Corporate Banner
Satellite Banner
Food & Beverage Analysis
Scientific Community
 
Become a Member | Sign in
Home>News>This Article
  News
Return

Chemist to Study ‘Orally Effective Therapy’ to Fight Obesity

Published: Thursday, August 15, 2013
Last Updated: Thursday, August 15, 2013
Bookmark and Share
A chemist has received a federal grant to study the oral administration of PYY3-36, a peptide that inhibits food intake by naturally switching off one's appetite.

The project is said to have major implications for people struggling with obesity and associated diseases, such as cardiovascular disease and diabetes.

Robert Doyle, associate professor of chemistry, has been awarded $221,000 by the National Institute of Diabetes and Digestive and Kidney Diseases at the National Institutes of Health. His project will last for two years, with the option of a third, and will involve Christian L. Roth, a pediatric endocrinologist at Seattle Children’s Hospital.

The award comes on the heels of a landmark decision by the American Medical Association to categorize obesity as a disease requiring a “range of interventions,” including weight-loss counseling, medication and surgery.

“Obesity is one of today’s leading health challenges—not only in North America and Europe, but also in Asia and Australia,” says Doyle, whose expertise spans chemistry and biology. “The prevalence of obesity among children and adolescents is of particular concern, despite public health education and initiatives.”

At the heart of Doyle's project is PYY3-36, a gut hormone that presumably supports the long-term benefits of bariatric surgery—currently, the only effective long-term exogenous treatment for obesity.
Doyle plans to utilize vitamin B12, which supports functioning of the brain and nervous system, to help protect and carry PYY3-36 through the gastrointestinal tract.

“We will trick the digestive system into carrying our peptide [PYY3-36], along with the B12,” says Doyle, who also holds faculty appointments in biology and biochemistry. “PYY3-36 will then send messages between the intestine and the brain, as well as in the brain, itself, telling you when you’re full. That’s why it’s called the ‘satiety peptide.’”

Since pharmacotherapy is merely an adjunct treatment for obesity management, the race is on to develop novel anti-obesity drugs that are safe and effective.

Doyle believes that orally effective therapy—particularly involving PYY3-36’s appetite-suppressing properties—may be the way forward.

“Ultimately, we want to develop an oral formulation that takes advantage of our bodies’ own appetite-control elements,” he says. “But first, we need to study its effects.”

Doyle, who earned a Ph.D. from Trinity College in Dublin, joined SU’s faculty in 2005. Since then, he has produced award-winning research that may lead to new treatments and diagnostic tools for diabetes and cancer. Much of his work, such as the utilization of B12 to orally deliver proteins, draws on chemical or systems biology research.


Further Information

Join For Free

Access to this exclusive content is for Technology Networks Premium members only.

Join Technology Networks Premium for free access to:

  • Exclusive articles
  • Presentations from international conferences
  • Over 3,000+ scientific posters on ePosters
  • More than 4,400+ scientific videos on LabTube
  • 35 community eNewsletters


Sign In



Forgotten your details? Click Here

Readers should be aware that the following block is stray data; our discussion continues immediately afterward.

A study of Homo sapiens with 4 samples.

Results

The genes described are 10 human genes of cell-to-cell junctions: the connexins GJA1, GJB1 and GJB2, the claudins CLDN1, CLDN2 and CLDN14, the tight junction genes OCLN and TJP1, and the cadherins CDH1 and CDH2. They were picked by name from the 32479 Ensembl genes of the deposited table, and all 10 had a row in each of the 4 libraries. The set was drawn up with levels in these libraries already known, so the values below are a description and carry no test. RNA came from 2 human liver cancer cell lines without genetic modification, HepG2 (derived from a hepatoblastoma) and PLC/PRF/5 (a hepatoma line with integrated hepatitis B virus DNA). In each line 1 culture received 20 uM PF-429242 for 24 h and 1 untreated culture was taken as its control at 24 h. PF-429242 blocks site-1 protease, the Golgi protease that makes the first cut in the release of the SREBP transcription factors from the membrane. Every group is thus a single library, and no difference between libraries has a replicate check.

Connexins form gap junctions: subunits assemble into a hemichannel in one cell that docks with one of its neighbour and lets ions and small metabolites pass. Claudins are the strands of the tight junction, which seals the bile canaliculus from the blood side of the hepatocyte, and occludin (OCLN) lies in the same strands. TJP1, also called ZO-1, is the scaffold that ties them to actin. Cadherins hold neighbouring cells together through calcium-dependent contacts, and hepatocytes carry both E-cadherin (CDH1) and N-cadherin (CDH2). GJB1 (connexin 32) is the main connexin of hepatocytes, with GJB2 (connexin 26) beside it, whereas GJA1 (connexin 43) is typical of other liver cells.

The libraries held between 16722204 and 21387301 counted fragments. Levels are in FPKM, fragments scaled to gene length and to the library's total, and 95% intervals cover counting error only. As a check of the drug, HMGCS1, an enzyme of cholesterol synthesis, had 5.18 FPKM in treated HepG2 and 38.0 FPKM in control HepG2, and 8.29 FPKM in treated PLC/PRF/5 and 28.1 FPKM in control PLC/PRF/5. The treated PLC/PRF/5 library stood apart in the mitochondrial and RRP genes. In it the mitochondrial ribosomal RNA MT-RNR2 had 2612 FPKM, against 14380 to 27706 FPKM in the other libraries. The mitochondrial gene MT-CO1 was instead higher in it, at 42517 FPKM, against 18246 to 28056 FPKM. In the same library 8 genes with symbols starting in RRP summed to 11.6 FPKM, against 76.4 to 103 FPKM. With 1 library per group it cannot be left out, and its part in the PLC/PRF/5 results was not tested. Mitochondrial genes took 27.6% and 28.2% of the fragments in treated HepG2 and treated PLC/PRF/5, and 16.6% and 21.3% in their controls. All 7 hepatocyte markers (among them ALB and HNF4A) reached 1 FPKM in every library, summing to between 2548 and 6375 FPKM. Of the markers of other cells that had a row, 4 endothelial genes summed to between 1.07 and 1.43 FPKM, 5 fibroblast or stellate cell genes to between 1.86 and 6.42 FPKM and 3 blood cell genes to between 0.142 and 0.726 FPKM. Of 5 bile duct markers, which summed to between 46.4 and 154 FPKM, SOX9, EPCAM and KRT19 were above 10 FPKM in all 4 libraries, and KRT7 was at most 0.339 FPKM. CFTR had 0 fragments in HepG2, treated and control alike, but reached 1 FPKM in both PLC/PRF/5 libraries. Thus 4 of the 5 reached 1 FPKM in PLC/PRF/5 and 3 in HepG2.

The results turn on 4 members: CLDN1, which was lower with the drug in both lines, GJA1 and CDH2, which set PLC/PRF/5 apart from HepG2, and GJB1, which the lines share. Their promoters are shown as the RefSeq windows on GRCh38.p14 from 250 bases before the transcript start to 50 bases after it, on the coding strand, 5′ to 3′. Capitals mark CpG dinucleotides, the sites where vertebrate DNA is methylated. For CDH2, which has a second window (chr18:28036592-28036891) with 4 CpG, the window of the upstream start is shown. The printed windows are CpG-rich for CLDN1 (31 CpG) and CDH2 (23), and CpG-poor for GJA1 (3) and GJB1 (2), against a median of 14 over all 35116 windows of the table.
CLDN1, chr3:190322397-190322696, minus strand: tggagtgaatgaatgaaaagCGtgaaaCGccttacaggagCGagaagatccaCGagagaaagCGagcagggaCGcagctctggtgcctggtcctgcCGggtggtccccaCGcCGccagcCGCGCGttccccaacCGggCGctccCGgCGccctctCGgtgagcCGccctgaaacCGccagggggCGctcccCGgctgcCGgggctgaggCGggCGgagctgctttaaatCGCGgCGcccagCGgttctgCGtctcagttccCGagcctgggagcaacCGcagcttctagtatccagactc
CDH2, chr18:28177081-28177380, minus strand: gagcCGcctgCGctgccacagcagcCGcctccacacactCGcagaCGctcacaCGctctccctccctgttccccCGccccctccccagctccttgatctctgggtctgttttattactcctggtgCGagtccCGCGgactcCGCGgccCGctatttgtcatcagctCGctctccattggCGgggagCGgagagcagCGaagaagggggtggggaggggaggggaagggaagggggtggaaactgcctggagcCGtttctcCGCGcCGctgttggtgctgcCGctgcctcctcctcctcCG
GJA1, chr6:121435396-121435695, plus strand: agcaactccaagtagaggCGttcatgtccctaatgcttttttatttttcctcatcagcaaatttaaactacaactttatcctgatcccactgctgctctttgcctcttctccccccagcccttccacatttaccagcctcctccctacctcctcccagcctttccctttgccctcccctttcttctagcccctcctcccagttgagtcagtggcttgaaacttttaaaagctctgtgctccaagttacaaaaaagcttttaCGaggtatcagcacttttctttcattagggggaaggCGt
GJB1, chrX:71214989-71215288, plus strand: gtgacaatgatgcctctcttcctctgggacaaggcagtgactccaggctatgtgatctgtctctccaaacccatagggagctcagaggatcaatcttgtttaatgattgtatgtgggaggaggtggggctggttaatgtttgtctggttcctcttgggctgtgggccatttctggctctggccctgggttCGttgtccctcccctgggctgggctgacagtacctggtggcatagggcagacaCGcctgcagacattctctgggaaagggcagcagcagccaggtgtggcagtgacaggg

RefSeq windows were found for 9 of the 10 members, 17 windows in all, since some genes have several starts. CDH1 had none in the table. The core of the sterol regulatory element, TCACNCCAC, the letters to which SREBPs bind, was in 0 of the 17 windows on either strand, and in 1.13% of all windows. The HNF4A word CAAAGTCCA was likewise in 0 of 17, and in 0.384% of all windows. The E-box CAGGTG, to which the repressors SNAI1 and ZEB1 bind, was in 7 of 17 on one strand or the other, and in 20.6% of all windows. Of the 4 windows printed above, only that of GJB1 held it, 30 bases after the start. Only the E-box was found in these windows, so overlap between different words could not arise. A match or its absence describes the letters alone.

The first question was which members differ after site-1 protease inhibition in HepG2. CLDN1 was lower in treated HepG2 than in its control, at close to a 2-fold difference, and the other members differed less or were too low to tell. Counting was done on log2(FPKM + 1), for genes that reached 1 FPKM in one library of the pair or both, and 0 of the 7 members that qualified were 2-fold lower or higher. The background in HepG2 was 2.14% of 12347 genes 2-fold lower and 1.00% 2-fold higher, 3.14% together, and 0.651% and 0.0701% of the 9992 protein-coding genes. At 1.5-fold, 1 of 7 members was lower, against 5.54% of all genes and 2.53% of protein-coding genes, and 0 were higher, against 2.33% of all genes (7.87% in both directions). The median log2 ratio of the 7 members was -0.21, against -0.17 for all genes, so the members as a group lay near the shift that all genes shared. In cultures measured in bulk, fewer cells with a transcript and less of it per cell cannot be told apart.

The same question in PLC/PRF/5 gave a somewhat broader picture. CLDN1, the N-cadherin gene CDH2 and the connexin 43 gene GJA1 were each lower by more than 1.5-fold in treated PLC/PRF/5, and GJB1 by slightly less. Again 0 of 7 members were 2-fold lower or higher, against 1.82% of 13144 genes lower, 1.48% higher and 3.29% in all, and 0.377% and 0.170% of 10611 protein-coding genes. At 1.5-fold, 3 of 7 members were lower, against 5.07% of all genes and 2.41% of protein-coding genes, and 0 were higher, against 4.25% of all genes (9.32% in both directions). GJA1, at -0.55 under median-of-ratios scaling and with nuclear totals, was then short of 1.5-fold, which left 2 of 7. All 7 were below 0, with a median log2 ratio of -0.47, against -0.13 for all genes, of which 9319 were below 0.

If you are not a member you can join here

*Please note: By logging into TechnologyNetworks.com you agree to accept the use of cookies. To find out more about the cookies we use and how to delete them, see our privacy policy.


Scientific News
Apricot Kernels Pose Risk of Cyanide Poisoning
Eating more than three small raw apricot kernels, or less than half of one large kernel, in a serving can exceed safe levels. Toddlers consuming even one small apricot kernel risk being over the safe level.
Soy Shows Promise as Natural Anti-Microbial Agent
Researchers from University of Guelph show that soy isoflavones and peptides could be used to reduce microbial contamination of food.
First DNA Vaccine in the EU Recommended for Use in Salmon
Clynav to protect Atlantic salmon from serious infectious disease.
Grant to Fund Million Peaks Project
The European Research Council (ERC) has awarded a prestigious Advanced Grant to Prof. Peter Schoenmakers, Prof. Albert Polman and Prof. Huib Bakker, all three of whom work at the University of Amsterdam (UvA).
Finding Inorganic Arsenic in Foodstuffs
A new European standard method to determine the content of inorganic arsenic in foodstuffs has been developed at the National Food Institute, Technical University of Denmark.
Effective Identification of Low-Gliadin Wheat Lines
Researchers have demonstrated the use of NIRS to identify low-gliadin wheat lines.
Virus Causing Tilapia Die-Offs Identified
Discovery of the virus causing Tilapia die-offs in Israel and Ecuador points the way to protecting a fish that feeds multitudes.
Interactive Maps Reveal Global Obesity
World’s obese population hits 640 million, according to largest ever study.
Eating Green Could be in Your Genes
Genetic variation uncovered that has evolved in populations that have historically favored vegetarian diets, such as in India, Africa and parts of East Asia.
Detecting Bacterial Growth in Packaged Food
New technique enables fast, accurate and noninvasive measurement of bacteria levels.
SELECTBIO

Skyscraper Banner
Go to LabTube
Go to eposters
 
Access to the latest scientific news
Exclusive articles
Upload and share your posters on ePosters
Latest presentations and webinars
View a library of 1,800+ scientific and medical posters
3,000+ scientific and medical posters
A library of 2,500+ scientific videos on LabTube
4,400+ scientific videos
Close
Premium CrownJOIN TECHNOLOGY NETWORKS PREMIUM FOR FREE!